TJ, Esq., Attorney
Category: Employment Law
Satisfied Customers: 11784
Experience:  JD, MBA

hi-lo and have other physical type job responsibilities.
What are the employment laws in Michigan with regard to consecutive days worked / safety?
Thank you.
Hello and thank you for allowing me the opportunity to assist you.

I'm sorry to say that there are no laws with regard to consecutive days worked. That is a business decision between you and your employer. In other words, your employer can demand that you work every day, and you can demand that you be given a certain number of days off, and you two either come to an agreement, or you can go your separate ways.

In this situation, you took a stand by not working this weekend. Your employer can either accept that and keep you on the payroll, or your employer can opt to go separate ways (i.e., end your employment). Your employer has that right just as you have the right at any time you choose to quit and find a new job with more favorable terms. If your employer's demands are unreasonable, then he'll likely have trouble finding enough help, and so he may give in. The botXXXXX XXXXXne, however, is that the number of days that you work in a row are up to you and your employer to decide. The law does not interfere.

Does that answer your question? Please let me know if you need clarification, as I am happy to continue helping you until you are satisfied. Also, your positive feedback is much appreciated. Thank you for using our service!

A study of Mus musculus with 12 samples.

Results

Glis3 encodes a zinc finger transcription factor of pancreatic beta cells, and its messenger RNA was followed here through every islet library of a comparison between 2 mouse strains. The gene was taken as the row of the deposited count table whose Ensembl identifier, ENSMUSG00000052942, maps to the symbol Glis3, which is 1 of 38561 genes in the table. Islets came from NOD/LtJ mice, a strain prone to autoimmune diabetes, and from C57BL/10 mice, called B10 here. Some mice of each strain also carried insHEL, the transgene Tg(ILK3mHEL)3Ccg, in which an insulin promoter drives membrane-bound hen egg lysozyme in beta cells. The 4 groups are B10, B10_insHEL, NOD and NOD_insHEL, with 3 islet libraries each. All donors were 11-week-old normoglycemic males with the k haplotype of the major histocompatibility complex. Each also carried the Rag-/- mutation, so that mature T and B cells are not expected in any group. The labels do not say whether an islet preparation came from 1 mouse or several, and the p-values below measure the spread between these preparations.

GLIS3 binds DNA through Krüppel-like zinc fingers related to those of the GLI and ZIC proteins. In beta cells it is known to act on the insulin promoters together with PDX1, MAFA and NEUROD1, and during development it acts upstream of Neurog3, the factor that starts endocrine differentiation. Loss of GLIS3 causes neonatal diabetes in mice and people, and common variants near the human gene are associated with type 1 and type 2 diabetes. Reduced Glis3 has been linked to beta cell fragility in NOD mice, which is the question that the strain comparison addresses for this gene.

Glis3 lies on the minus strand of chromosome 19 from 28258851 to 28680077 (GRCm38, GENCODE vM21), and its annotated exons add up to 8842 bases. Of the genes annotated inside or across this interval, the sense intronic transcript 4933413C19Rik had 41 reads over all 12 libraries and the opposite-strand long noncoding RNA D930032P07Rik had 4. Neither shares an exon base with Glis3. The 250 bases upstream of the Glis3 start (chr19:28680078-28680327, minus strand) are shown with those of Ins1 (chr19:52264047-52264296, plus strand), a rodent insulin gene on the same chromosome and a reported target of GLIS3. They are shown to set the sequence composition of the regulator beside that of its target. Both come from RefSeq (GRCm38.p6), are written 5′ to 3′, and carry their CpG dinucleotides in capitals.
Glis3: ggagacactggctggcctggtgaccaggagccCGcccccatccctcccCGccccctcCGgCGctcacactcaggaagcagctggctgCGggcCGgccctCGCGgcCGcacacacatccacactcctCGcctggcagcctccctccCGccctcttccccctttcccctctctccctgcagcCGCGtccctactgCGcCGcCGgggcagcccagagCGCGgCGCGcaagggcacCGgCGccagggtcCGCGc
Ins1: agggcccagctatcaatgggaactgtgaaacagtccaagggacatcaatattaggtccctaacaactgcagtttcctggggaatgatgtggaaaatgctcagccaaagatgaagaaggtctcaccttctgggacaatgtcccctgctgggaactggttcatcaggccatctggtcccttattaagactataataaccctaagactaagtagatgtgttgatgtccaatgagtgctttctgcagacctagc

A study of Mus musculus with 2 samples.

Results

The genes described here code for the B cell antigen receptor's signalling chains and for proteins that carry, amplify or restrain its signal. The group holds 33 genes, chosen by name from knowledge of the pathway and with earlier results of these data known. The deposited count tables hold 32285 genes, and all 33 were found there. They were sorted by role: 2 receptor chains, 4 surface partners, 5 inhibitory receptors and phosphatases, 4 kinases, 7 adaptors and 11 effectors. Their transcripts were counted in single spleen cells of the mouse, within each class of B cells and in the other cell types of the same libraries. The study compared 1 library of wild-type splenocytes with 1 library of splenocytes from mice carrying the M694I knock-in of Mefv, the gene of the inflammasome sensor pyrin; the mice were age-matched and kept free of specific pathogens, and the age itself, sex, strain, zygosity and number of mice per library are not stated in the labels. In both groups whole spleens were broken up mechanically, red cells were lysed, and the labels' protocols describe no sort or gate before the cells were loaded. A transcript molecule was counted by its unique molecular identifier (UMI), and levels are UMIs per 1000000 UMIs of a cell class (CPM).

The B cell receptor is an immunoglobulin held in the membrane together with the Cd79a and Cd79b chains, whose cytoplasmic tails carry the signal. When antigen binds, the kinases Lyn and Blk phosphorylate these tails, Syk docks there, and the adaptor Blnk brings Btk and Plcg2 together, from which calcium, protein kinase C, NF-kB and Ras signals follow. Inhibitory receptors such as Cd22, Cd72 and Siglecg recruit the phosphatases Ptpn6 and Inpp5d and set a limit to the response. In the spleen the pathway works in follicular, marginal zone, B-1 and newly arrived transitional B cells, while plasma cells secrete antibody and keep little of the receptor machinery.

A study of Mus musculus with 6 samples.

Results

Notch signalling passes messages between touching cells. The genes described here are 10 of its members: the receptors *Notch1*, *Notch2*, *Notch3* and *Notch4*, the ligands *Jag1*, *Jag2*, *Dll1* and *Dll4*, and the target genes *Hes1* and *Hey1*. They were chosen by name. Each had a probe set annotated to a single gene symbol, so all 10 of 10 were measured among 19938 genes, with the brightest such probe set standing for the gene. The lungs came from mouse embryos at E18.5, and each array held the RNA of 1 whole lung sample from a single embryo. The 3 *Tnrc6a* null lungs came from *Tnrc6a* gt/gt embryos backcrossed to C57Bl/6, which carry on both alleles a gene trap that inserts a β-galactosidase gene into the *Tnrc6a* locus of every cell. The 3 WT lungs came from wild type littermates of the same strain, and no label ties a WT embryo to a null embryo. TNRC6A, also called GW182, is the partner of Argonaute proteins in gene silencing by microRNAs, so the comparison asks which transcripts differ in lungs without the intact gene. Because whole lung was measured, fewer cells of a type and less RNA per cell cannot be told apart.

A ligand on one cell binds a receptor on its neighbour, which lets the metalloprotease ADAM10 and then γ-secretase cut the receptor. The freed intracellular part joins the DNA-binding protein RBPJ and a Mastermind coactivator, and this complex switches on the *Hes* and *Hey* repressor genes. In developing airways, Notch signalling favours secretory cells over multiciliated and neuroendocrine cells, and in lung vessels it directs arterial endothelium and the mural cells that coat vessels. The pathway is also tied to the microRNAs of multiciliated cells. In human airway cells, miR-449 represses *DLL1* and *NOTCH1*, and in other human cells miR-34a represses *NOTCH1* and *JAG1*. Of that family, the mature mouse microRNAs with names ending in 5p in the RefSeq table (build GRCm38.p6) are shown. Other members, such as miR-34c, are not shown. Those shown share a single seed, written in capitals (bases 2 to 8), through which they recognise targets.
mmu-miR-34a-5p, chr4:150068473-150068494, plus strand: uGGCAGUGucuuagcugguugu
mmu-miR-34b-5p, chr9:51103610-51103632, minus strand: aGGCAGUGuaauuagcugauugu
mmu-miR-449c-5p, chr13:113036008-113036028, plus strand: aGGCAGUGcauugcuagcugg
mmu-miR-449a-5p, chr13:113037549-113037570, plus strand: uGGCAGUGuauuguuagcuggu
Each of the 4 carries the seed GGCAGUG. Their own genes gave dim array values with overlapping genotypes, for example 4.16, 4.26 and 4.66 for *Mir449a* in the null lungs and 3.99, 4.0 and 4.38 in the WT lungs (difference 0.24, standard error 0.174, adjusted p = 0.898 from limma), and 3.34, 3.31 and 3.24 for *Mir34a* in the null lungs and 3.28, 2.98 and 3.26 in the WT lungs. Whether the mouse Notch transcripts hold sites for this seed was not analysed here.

Customer: replied 3 years ago.

Thank you for a quick response.

To give you some insight, I have worked for this company 2.5 years and have always complied with my employers work requests. However, I, as other employees, have families, homes, along with other personal responsibilities. To expect an employee to be available 365 days per year, is not acceptable in my eyes. Often, I may not know that I have to work Saturday and Sunday until the Thursday or Friday prior. By then, I may have already planned a family event or have a family event to attend, i.e.; wedding, graduation, etc.

Also not acceptable, is to continue to work when I'm exhausted. In the work environment I'm in, this can cause injury to myself or others.

When I hired in, I was never informed that I have to be available 365 days per year. Does that provide me with an argument if necessary? If an employer informs me on Thursday or Friday that I have to work the weekend after putting in my 40 hours, but have already made personal plans, can I refuse the work without being fired?

Hi again. Thank you for your reply.

Q: When I hired in, I was never informed that I have to be available 365 days per year. Does that provide me with an argument if necessary?
A: No, that doesn't help, I'm sorry to say. Only an employment contract that specifies the days that you work would be helpful. Without a contract, the terms of employment are subject to change at any time.

Q: If an employer informs me on Thursday or Friday that I have to work the weekend after putting in my 40 hours, but have already made personal plans, can I refuse the work without being fired?
A: Unfortunately, the answer is no. You can be fired for any reason, so long as the reason is not based upon illegal discrimination, such as your race, religion, gender, etc. You can be fired for refusing to work the weekend even if you've only be give 1 minute notice. The right of the employer to terminate you like that corresponds to your right to quit just as quickly. For example, your employer could tell you that you must work the weekend, and you could immediately quit. With few exceptions which do not appear to apply here (like illegal discrimination), either the employer or employee can change the terms of employment at any time and for any reason, including whether you will work and remain employed.

I hope that helps. Let me know if you need clarification.